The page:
Let $P$ be a commutative ring together with two types of structure on the set-valued functor $Hom(P, -)$ it represents:

- a commutative ring structure, which means we can view it as an endofunctor on the category of commutative rings (so $Spec P$ is a commutative ring scheme), and
- a comonad structure on this endofunctor.

Then a **$P$-ring** is simply a commutative ring equipped with a co-action of this comonad.

This is similar to the situation for operators on abelian groups. Let $A$ be an abelian group; then $Hom(A, -)$ is already abelian-group-valued (since Ab is closed), so we don’t need to do step (1). Then a comonad structure on the endofunctor $Hom(A, -)$ is the same as a (possibly non-commutative) ring structure on $A$.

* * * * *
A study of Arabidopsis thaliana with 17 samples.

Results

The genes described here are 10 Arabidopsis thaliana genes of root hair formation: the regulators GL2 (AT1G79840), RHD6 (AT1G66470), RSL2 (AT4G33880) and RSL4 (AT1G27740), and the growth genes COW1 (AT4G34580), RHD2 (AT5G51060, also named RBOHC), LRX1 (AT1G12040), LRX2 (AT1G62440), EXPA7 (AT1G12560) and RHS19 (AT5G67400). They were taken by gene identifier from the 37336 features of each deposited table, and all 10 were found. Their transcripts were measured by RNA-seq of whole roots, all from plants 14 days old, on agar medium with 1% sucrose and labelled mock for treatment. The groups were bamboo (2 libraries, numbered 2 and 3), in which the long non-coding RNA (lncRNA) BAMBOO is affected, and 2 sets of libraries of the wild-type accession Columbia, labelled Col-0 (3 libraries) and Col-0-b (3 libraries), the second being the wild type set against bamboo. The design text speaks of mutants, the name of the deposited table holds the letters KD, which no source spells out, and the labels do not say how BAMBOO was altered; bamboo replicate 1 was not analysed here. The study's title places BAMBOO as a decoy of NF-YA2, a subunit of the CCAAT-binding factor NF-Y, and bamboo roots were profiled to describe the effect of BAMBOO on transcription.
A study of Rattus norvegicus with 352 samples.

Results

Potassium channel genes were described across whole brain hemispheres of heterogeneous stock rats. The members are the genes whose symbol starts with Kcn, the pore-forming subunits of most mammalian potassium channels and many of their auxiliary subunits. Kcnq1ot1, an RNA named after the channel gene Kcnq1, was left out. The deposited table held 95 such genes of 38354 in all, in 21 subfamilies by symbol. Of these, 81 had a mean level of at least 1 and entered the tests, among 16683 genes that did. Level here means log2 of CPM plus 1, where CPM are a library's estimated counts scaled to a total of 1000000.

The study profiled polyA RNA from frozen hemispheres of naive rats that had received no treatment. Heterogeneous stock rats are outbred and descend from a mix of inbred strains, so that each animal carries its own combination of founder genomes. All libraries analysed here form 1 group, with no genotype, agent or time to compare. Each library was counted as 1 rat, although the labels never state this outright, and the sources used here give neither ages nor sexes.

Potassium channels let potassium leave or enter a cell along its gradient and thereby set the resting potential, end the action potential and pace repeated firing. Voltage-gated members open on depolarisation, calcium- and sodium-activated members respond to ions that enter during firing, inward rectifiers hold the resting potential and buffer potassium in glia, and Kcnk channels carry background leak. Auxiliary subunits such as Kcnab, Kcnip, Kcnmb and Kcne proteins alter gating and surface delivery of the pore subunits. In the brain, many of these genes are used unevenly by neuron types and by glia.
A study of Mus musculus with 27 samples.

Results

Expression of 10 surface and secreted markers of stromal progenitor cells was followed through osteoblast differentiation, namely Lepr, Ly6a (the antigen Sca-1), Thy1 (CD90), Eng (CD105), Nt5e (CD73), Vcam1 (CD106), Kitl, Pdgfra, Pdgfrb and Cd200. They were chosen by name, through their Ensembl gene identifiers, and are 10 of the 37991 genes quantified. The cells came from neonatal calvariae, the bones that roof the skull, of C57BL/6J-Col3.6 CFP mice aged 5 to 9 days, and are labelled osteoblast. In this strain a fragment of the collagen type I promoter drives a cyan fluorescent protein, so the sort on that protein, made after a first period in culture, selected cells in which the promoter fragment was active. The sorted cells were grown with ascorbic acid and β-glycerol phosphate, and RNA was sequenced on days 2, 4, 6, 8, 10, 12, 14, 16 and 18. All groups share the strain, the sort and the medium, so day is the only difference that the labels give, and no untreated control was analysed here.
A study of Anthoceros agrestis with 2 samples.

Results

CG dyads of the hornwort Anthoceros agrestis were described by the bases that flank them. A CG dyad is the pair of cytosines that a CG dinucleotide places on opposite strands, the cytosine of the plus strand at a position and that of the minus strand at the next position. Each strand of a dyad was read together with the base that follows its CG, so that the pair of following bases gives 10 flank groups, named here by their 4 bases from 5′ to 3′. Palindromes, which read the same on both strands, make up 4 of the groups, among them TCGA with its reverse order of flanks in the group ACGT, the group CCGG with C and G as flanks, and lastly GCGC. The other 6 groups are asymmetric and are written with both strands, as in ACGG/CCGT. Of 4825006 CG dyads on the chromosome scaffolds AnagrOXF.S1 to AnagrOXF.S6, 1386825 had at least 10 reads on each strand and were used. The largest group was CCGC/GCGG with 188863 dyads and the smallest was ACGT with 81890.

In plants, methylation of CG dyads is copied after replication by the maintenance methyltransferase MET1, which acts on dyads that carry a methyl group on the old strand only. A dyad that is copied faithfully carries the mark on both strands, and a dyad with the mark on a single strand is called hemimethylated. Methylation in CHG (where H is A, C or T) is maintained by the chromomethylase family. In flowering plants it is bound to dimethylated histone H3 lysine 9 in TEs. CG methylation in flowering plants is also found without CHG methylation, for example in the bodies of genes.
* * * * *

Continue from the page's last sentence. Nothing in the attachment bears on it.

The moral of the story is that operators on abelian groups naturally form rings, and operators on commutative rings naturally form $P$s. What you call such a $P$ is another matter. Borger and Wieland called such a thing a plethory, with a wink at plethysm, which is another name for composition of symmetric functions. Other people take a historical approach and use ‘Tall–Wraith’ combined with some other words. Probably the most descriptive and generalizable name would be something like ‘composition object in the category of commutative rings’.

Alternatively, the general naming scheme ‘plethystic object? in the category $C$’ could be used, where $C$ could be the category of commutative rings, the category of abelian groups, and so on.

- J. Borger & B. Wieland, Plethystic algebra

Last revised on July 6, 2010 at 11:22:41. See the history of this page for a list of all contributions to it.